Enough Already! The Self-promotion madness

Tell Me Your Story Tuesday 

Guest Post by the Fabulous Roni Loren 
Enough Already! - The Self-Promotion Madness

Writers are a special breed of human. No, not all of us are the same. There is no one "type" that fits all (though if you're into Myers-Briggs, the INFJs--which is what I am--are seriously over-represented amongst writers, considering it's the most rare of the personality types.). But on the whole, many of us have a lot in common. And one of the things we often find ourselves agreeing on is that--self-promotion is no fun.

Having to promote yourself flies in the face of our natural tendencies. Most of us are the type who prefer to be behind the scenes, to help others, to build close relationships with a few instead of surface ones with the masses. We want it to be about the book, the story, not about us.

Writers typically want to be the anti-celebrity. Sure, give us the money that may come along with getting famous (I know I wouldn't turn that down, lol), but please don't make us talk about ourselves in front of people. Ack!

But alas, part of our job as a writer is getting the word out there, promoting our books and promoting ourselves. So we do it like good little worker bees. Unfortunately, it seems that many of us are doing it wrong.

Twitter has turned into advertisement central. There are so many self-promotional tweets that it sometimes feels like walking into the internet version of Times Square. And don't even get me started on people DMing me right after I follow them to tell me where to purchase their book.

It's a constant barrage of promotional white noise.  Buy!...Check out my book!...Free download!...On sale for 99 cents!...Look at this amazing review I received!...Like me on Facebook!...Visit my author page!...Follow my blog!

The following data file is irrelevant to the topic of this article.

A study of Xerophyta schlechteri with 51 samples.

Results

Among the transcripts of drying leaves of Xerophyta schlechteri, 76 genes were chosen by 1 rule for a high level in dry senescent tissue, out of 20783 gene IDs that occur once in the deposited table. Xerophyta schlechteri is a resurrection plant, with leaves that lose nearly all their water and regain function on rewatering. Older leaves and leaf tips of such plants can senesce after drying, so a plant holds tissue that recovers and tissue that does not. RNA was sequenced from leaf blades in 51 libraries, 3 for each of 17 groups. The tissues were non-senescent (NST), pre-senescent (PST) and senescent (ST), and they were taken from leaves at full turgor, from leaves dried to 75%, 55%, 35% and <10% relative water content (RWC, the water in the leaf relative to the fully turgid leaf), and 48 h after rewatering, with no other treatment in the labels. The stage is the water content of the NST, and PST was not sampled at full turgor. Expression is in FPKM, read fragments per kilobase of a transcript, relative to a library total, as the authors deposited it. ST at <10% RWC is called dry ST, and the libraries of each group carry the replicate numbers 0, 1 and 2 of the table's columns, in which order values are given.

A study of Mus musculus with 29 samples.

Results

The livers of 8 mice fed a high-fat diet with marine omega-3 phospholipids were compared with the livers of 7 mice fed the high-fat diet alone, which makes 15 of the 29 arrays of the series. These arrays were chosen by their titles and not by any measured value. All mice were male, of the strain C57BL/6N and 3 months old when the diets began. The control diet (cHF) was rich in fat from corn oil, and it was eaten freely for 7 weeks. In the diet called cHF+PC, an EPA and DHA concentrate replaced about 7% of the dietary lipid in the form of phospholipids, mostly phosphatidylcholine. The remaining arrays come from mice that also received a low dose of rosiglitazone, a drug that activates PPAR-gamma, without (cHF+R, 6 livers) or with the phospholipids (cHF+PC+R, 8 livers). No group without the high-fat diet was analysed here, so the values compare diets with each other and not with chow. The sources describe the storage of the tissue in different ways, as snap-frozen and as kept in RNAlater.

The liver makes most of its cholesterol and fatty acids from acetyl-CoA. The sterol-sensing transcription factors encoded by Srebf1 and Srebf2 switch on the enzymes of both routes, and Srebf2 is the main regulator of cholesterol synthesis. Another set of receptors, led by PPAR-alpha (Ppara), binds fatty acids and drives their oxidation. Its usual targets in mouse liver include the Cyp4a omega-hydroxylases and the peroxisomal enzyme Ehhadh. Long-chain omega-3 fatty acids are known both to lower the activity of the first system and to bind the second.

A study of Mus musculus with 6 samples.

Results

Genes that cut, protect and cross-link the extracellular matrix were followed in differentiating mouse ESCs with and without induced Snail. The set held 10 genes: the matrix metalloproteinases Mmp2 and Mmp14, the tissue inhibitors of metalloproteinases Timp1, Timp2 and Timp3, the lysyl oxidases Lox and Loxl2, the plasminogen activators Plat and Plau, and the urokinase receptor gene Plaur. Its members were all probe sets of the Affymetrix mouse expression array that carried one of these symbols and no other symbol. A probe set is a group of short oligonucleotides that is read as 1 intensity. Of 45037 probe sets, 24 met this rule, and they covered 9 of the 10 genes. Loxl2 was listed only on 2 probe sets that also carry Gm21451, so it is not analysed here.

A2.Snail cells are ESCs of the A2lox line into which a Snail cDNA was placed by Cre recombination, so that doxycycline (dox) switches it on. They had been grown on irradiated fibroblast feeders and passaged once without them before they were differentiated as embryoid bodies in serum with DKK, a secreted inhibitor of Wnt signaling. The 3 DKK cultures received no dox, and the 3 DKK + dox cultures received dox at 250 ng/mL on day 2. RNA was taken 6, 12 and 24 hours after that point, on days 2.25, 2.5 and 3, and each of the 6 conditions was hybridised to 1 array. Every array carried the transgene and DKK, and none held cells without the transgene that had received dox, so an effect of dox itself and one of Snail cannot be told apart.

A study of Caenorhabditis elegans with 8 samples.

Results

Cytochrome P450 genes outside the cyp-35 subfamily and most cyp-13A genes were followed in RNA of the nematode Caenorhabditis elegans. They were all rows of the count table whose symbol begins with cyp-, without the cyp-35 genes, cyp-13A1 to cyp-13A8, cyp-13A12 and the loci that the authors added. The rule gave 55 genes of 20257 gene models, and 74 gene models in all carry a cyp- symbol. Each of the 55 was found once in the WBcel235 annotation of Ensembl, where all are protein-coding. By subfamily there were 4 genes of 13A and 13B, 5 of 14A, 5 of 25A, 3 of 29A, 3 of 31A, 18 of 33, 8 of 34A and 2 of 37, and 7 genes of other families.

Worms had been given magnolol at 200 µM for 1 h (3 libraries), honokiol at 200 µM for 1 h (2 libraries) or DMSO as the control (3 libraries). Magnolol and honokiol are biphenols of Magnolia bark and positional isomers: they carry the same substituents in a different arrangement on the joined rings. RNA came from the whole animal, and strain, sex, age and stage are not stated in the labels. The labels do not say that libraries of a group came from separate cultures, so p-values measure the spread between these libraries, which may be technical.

Ahh! *covers eyes* Make it stop!

Then you start seeing blog posts pop up talking about how to drive up your followers, how to bury SEO keywords in your titles so that you grab random people through google, how to ingratiate yourself on message boards to find readers. How to hunt people down like dogs and expose them to your book.

Dude, it's ridiculous. This is not who we are, people. We are not Ron Popeil selling food dehydrators. (See Kristen Lamb's blog for more on the difference between book marketing and traditional advertising.) I'm not trying to "trick" people into liking me. That's useless. It's disingenuous and people will see right through it. In the end, it will hurt you more than help you.

You want people to like you and buy your book?

Be genuinely likable and nice to others. Interact. Go into things with a generous spirit and a true desire to be helpful and friendly. Oh, and write damn fine books.

If 85% of your interaction online is interesting and genuine and you being a real person, people won't mind if 15% of the time you mention you have a book coming out or a blog post you'd like them to read. They'll "like" you or follow you without you *gasp* having to beg them or bait them into it.

And leave the truly blatant book advertisement for things like blog tours, reviews, conferences, and book signings where people are expecting it and are more open to being advertised to.

Believe me, your followers will thank you. (Hopefully by buying your books, lol!)

So what do you think? Are you ready to get pitchforks and take back Twitter? What makes you unfollow someone? What makes you want to support an author or buy their book?

Roni wrote her first romance novel at age fifteen when she discovered writing about boys was way easier than actually talking to them. Since then, her flirting skills haven’t improved, but she likes to think her storytelling ability has. 

Her debut romance CRASH INTO YOU will be released January 2012 by Berkley Heat/Penguin. If you want to read more posts like this one or follow her journey to debut authorhood, you can visit her writing blog Fiction Groupie or her author blog. She also tweets way too much for her own good.